Your guide to the 11 issues that will be on Colorado ballots

Ballots will be mailed out by counties starting on October 9.
Ballots will be mailed out by counties starting on October 9.(AP Images)
Published: Sep. 10, 2020 at 2:25 PM MDT

Amendment B - Repeal Property Tax Assessment Rates

A YES vote would repeal the Gallagher Amendment, a 1982 amendment that Colorado passed that says that only 45% of the state’s tax revenue would come from residential properties, and 55% from non-residential properties. Read more on the Gallagher Amendment here.

A No vote would keep the 1982 Amendment in place.

Amendment C - Bingo Raffles Allow Paid Help and Repeal Five-Year Minimum

A YES vote would allow charitable organizations that have existed for three years to be able to obtain a charitable gaming license, instead of five years that is currently required. It would also allow charitable organizations to hire and pay managers and operators of gaming activities minimum wage.

A NO vote would keep the minimum at five years and would require those who manage or are operators of gaming activities to be unpaid and be volunteers of the organization.

Amendment 76 – Citizenship Qualifications of Electors

A YES vote would change the wording in the Colorado Constitution to say that “Only a citizen” of the United States can vote, instead of saying “Every citizen” of the United States can vote.

A NO vote would keep the wording as is.

Amendment 77 - Local Voter Approval of Gaming Limits in Black Hawk, Central City, and Cripple Creek

A YES vote would give voters in these places to vote to expand bet limits beyond the set limit of $100 and would allow voters to add casino games.

A NO vote would keep the $100 limit on betting, and limit the games to slot machines, blackjack, poker, roulette, and craps.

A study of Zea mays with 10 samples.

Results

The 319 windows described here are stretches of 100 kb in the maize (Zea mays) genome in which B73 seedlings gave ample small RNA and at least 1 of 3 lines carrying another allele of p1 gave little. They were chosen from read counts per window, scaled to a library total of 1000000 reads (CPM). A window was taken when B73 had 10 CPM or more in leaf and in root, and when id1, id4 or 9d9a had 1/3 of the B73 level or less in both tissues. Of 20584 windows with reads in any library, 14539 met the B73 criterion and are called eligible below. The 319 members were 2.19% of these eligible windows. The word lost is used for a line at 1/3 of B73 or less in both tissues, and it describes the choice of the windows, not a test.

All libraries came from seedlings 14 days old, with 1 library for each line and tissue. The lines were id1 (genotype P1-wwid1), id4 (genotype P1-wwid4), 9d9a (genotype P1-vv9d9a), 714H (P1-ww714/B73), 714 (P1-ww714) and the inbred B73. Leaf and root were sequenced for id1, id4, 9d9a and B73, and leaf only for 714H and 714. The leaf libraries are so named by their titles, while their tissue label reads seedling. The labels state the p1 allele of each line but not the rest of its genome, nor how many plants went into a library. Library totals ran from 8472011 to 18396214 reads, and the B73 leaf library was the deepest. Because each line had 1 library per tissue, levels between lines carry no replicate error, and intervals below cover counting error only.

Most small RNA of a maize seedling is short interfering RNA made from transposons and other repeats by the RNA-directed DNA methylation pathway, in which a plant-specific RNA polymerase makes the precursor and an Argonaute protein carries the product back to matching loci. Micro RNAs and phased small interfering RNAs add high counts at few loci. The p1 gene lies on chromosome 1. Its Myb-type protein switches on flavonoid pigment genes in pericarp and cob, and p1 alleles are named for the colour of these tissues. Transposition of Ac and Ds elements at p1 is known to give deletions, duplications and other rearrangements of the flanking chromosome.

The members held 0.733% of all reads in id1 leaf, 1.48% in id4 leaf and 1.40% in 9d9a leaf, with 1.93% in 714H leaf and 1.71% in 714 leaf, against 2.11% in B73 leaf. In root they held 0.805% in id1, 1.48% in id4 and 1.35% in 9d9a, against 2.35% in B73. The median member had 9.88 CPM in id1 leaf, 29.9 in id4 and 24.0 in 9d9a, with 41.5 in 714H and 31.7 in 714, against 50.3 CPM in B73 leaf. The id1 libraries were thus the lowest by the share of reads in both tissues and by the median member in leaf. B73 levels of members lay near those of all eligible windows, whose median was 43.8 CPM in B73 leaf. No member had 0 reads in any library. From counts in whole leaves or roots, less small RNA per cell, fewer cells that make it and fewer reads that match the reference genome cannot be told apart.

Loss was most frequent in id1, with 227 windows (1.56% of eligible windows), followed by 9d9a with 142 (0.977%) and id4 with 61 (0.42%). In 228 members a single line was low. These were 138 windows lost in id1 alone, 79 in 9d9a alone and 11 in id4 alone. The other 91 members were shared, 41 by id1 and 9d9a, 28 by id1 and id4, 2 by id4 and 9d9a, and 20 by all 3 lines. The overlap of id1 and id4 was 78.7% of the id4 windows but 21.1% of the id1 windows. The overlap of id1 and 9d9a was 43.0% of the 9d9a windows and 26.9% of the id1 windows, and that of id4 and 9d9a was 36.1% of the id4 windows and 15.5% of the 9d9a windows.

Proposition EE - Cigarette Tobacco and Nicotine Products Tax

A YES vote would incrementally increase taxes on cigarette and tobacco products, and create a nicotine tax that includes vaping products.

A NO vote would keep taxes on cigarette and tobacco at their current rate, and would not create a tax on nicotine products, including vaping products.

Proposition 113- National Popular Vote

A YES vote would put Colorado into the National Popular Vote Interstate Compact, which in the future could give Colorado’s nine electoral votes to the Presidential Candidate who wins the national popular vote.

A NO vote would allow Colorado to continue giving its nine electoral votes to the presidential candidate who wins the most votes in the state.

Proposition 114 - Restoration of Grey Wolves

A YES vote would support Colorado Parks and Wildlife and the Wildlife Commissioner to reintroduce grey wolves on designated land west of the continental divide by the end of 2023.

A NO vote would mean that grey wolves would not be reintroduced.

Proposition 115 – Prohibition of Late-Term Abortions

A YES vote would prohibit abortions after 22 weeks unless it is performed to save the life of the mother. It would make the act a misdemeanor for the person who performs the abortion and would require the state to suspend the physician’s medical license for three years.

A NO vote would keep all abortions legal in Colorado.

Proposition 116 – State Income Tax Rate Reduction

A YES vote would reduce the state’s income tax rate from 4.63% to 4.55% for individuals, estates, trusts, and foreign and domestic C Corporations.

A NO vote would keep the rate at 4.63%.

Proposition 117 - Voter Approval Requirement for Creation of Certain Fee-Based Enterprises

A YES vote would require statewide voter approval of new state enterprises if the project or actual revenue from fees surpasses $100 million within its first five years.

A NO vote would not require statewide voter approval on new state enterprises.

Proposition 118 – Paid Family and Medical Leave Insurance Program

A YES vote would create an employee and employer-funded insurance program that would provide 12 weeks (or 16 weeks in cases of pregnancy or childbirth complications) of paid family and medical leave.

A NO vote would mean that no such program would be created.